In all, the war claimed the lives of 10 million soldiers and left 20 million more wounded, in addition to millions more civilian casualties.
It also left a huge number of explosives buried across Europe.
This demining team is based in Colmar in the Alsace region bordering Germany, an area France lost in the 1870s during the Franco-Prussian war then won back from Germany in 1918.
The team estimates that around 20 percent of the billion-and-a-half munitions fired during World War I did not explode.
And one hundred years later, Alsace remains particularly vulnerable, its residents living on a carpet of unexploded munitions that are still capable of death and destruction.
"World War I amounted to a laboratory for new munitions. The stalemate between opposing lines forced them to invent new artillery for the trenches. The munitions were conceived quickly, with improvised materials," said Schahl as he carefully stored the newly unearthed bomb in the back of a truck.
- Work for 'seven centuries' -
It's hard to estimate the number of munitions that still lie undiscovered in gardens, fields and Alsatian vineyards, but the 12-person demining team says their work is round the clock.
"Since the end of winter, we have received a dozen requests for intervention every day," said Schahl.
Every year, around 20 tonnes of shells, grenades and other mortars dating from the two world wars are collected by the unit. It is a titanic mission that will last another "seven centuries", he said.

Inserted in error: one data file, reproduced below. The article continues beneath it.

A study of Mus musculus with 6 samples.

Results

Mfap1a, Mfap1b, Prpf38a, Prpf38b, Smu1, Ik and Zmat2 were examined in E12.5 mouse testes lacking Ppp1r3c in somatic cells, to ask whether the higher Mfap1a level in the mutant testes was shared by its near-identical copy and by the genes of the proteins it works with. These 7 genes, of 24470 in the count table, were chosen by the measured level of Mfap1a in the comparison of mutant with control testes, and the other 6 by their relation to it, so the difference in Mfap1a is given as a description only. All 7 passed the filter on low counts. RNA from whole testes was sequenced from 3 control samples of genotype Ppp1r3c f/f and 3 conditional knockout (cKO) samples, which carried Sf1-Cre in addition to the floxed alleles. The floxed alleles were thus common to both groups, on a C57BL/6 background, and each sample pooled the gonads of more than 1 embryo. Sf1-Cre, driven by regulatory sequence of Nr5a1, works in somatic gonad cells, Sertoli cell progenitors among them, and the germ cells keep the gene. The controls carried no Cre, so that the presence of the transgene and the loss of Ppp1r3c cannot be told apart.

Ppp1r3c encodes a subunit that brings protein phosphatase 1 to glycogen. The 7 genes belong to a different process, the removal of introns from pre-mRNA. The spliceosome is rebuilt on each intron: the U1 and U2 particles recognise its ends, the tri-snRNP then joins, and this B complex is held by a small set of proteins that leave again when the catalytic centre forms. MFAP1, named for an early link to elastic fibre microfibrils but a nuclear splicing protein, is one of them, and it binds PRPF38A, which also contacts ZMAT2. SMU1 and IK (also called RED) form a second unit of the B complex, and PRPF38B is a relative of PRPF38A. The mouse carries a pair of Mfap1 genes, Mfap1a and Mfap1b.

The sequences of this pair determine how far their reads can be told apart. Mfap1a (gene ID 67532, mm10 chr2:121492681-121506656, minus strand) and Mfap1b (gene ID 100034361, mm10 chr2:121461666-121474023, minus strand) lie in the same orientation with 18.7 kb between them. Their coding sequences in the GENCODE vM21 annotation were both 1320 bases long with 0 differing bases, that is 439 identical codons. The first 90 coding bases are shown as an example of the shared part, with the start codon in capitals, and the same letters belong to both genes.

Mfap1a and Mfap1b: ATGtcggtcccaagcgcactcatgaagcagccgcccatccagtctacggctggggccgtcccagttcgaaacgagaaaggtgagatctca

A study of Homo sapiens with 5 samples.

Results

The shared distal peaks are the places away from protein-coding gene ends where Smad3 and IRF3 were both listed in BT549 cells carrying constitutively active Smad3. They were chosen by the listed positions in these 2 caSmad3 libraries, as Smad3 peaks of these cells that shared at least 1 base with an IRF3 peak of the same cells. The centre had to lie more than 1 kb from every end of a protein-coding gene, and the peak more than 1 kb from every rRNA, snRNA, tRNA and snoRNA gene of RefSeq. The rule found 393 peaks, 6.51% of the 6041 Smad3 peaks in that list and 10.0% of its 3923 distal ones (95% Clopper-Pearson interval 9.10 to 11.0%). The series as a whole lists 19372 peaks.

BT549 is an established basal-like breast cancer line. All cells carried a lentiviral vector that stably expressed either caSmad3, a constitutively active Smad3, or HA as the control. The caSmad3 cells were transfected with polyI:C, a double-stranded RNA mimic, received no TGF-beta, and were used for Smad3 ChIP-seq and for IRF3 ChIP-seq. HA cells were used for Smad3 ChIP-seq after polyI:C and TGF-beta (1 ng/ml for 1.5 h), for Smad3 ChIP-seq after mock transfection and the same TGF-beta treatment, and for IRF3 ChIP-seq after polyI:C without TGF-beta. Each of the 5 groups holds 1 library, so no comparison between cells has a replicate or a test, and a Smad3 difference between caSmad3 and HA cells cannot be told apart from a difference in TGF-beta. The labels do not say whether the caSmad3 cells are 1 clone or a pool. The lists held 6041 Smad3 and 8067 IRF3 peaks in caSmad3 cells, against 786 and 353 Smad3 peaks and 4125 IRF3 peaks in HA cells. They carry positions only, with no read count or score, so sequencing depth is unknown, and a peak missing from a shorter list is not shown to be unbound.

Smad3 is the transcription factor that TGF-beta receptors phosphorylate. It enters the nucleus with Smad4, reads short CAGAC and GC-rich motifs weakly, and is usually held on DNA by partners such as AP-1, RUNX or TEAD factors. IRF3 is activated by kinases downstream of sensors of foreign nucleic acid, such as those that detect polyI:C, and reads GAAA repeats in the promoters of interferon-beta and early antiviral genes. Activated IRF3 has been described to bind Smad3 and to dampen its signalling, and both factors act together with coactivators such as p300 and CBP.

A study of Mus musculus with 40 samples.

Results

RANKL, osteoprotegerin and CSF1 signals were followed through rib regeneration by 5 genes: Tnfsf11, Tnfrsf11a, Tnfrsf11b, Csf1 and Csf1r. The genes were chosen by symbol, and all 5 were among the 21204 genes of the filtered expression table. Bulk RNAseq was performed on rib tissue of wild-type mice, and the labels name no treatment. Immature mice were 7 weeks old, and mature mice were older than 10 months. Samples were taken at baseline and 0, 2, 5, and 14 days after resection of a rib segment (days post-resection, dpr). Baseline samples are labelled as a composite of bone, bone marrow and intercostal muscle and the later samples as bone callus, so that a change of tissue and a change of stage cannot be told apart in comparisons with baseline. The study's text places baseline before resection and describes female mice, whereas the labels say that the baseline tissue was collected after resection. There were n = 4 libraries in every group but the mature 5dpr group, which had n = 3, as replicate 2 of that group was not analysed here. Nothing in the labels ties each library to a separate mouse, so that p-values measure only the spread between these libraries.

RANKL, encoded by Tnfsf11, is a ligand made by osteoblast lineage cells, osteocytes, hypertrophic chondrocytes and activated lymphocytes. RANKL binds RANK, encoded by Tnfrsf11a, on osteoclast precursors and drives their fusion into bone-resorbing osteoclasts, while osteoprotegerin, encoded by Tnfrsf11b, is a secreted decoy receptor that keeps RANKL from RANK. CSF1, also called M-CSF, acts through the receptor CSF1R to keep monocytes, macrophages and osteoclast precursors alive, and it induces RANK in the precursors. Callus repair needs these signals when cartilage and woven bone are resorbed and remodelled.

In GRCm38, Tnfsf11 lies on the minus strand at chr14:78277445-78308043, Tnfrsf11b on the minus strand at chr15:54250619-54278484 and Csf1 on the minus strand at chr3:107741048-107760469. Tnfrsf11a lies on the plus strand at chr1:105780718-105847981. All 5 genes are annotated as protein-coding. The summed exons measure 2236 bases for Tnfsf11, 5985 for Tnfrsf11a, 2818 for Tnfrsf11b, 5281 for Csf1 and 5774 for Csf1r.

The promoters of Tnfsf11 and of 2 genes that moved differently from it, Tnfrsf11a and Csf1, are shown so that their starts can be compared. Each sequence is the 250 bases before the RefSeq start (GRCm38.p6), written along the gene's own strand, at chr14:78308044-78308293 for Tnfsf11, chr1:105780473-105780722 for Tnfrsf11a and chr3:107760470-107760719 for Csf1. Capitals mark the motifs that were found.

Disposing of them is a delicate process. The munitions are carefully removed and transported to remote gravel pits.
The locations are secret to keep the public out of harm's way. They are then attached to anti-tank mines and blown up.
Another call has just come in. On the way to the picturesque commune of Aspach-le-Haut, the employees of a waste disposal company have just unearthed some chemical weapons shells, scattered in a pile of rocks during a crushing operation.
It was a miracle that no explosion took place, they say.
"In cases like this, there are huge constraints on how we explode these munitions," said one of the demining team, Frederic, who is scratching the warheads of the munitions with gloved hands to determine their composition.
They may look dilapidated, but these bombs have lost nothing of their dangerous potential. "With oxidation, the explosive degrades and becomes more unstable than before," said Frederic.
In Alsace, rare catastrophes have left an indelible mark on the community. In 1981, six children were killed when they moved a mortar in their schoolyard in Bremmelbach.
"That was the start of the population taking notice," recalls Edouard Hannauer, one of the deminers from that time.
But popular assistance is not always a good idea.
"People would bring us munitions they had found," said Hannauer, even though the vast majority of accidents occur when people try to move munitions themselves.
Even the experts are prone to grave accidents. In 2007, two deminers died in Metz while preparing munitions for explosion.
At one of the secret gravel pits, Schahl is about to press the red button on his detonator.
"Four, three, two, one, fire!" he shouts, triggering a huge explosion that puts one more potential death trap out of harm's way.